We are all to blame for Jimmy Savile
Originally posted by Peter Inson at 09:26, October 22 2012
Whether it’s a pop idol trashing an aircraft, a member of the royal family who keeps his driving license when others would lose theirs, an MP fiddling expenses, a footballer who is allowed to drive still despite speeding at double the limit, celebrities expect more for themselves. Many of us envy them the adulation they receive, their confidence, their strutting and posturing, and popular television encourages us to struggle to join them.
When, fifteen years ago some of my students admitted paying £100 for branded trainers, I pointed out that Tiger Woods was paid $6m a year to wear them and asked why they were prepared shell out so much, they could only say that somehow, something of Tiger Woods stood with them. It’s voodoo, black magic.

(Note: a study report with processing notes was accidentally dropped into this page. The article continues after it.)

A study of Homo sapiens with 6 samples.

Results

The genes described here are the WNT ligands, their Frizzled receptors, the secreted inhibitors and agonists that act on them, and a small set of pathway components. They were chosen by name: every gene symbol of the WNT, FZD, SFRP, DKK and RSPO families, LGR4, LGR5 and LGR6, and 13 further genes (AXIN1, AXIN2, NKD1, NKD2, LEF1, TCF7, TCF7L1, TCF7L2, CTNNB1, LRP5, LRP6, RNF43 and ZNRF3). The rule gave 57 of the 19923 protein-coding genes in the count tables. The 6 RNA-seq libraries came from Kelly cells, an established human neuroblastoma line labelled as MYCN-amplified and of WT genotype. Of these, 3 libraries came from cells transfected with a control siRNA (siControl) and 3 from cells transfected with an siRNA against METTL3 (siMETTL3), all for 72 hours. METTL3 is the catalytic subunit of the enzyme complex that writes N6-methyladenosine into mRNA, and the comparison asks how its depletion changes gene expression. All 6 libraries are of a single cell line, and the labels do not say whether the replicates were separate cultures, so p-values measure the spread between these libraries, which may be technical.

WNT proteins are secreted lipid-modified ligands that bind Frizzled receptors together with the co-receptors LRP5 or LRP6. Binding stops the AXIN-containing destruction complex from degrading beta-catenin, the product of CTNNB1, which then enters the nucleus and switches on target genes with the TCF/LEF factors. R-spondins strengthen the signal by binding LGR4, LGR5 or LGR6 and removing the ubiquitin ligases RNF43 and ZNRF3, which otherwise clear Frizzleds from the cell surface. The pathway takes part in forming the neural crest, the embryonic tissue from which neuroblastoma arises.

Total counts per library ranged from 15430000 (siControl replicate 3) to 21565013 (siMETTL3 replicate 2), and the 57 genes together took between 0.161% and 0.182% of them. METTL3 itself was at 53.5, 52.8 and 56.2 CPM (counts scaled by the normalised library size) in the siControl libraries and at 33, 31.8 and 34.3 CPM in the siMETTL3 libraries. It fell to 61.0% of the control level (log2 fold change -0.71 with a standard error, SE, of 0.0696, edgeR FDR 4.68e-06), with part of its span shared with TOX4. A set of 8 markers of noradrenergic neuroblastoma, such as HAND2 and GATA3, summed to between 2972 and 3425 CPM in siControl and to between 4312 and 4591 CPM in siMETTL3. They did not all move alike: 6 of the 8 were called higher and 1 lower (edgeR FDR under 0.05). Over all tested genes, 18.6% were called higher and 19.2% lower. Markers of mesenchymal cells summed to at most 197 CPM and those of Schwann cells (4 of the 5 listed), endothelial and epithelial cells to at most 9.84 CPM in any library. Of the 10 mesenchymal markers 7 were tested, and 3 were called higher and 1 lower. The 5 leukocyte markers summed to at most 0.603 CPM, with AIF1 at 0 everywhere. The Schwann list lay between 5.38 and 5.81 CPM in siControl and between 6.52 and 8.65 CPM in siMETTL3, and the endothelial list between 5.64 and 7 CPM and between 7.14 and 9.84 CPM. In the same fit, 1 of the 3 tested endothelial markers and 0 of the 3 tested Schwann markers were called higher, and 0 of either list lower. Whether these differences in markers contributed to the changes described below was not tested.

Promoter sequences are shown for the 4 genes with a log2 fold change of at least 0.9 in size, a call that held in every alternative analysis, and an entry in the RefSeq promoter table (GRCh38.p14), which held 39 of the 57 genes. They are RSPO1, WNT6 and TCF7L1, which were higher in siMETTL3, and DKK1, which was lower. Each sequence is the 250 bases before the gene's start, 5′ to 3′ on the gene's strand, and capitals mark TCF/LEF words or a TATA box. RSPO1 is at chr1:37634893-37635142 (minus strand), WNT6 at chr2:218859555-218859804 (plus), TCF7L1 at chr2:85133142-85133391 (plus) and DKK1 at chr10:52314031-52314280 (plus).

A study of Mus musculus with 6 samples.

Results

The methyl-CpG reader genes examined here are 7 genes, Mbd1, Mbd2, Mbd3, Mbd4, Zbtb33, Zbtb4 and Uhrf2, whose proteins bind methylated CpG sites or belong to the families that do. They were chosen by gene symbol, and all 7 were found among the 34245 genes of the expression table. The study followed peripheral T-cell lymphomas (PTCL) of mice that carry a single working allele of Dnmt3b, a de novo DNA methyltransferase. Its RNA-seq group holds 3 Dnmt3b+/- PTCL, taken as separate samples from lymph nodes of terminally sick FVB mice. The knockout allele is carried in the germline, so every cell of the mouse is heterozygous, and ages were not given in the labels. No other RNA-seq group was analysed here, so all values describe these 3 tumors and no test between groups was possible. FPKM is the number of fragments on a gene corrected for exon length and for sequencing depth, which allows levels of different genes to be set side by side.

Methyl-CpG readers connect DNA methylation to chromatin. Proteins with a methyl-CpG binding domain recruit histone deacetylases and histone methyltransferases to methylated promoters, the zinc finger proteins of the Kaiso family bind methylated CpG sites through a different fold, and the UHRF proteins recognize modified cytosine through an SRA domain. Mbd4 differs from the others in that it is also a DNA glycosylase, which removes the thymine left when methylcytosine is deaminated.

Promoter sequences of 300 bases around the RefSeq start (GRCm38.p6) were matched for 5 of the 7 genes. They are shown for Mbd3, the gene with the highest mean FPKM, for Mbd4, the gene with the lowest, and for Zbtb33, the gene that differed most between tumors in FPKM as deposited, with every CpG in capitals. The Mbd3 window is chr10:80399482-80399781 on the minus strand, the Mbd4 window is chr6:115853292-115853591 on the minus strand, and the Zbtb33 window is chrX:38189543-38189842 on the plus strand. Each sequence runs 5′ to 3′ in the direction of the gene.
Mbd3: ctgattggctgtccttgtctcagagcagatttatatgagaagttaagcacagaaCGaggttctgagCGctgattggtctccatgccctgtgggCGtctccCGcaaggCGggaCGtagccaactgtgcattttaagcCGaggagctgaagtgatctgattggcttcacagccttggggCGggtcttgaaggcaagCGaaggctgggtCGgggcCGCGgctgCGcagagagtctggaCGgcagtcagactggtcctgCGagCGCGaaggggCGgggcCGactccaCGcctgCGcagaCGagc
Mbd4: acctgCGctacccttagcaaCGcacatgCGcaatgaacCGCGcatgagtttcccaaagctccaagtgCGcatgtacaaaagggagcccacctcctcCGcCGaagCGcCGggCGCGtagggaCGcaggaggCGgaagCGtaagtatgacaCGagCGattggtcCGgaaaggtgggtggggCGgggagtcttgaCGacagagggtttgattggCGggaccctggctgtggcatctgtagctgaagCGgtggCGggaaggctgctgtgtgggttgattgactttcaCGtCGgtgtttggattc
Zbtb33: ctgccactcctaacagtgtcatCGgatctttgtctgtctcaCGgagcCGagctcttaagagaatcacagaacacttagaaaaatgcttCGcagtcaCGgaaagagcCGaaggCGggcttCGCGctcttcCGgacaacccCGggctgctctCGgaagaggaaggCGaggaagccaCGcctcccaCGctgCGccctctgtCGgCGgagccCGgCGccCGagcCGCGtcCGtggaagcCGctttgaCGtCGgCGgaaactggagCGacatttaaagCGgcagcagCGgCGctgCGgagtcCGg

When I challenged a BBC producer over a celebrity chef handling a boar and then a hive of bees, in ways that made both jobs seem dangerously simple to anyone without training and experience in these matters I was told that, in effect, the man’s celebrity status meant that his ignorance was to be hidden lest his worshippers lost interest. Celebrities do not have to follow the rules and can manipulate the vulnerable and innocent, and bamboozle others who think that they may be in line for a share.
We must use what shreds of intelligence that we have left to kill off celebrity status. If someone sings well, acts well, scores goals every time they step onto the pitch, let them be well known, but as soon as they start to behave as if they are above ordinary considerations, we should turn our backs.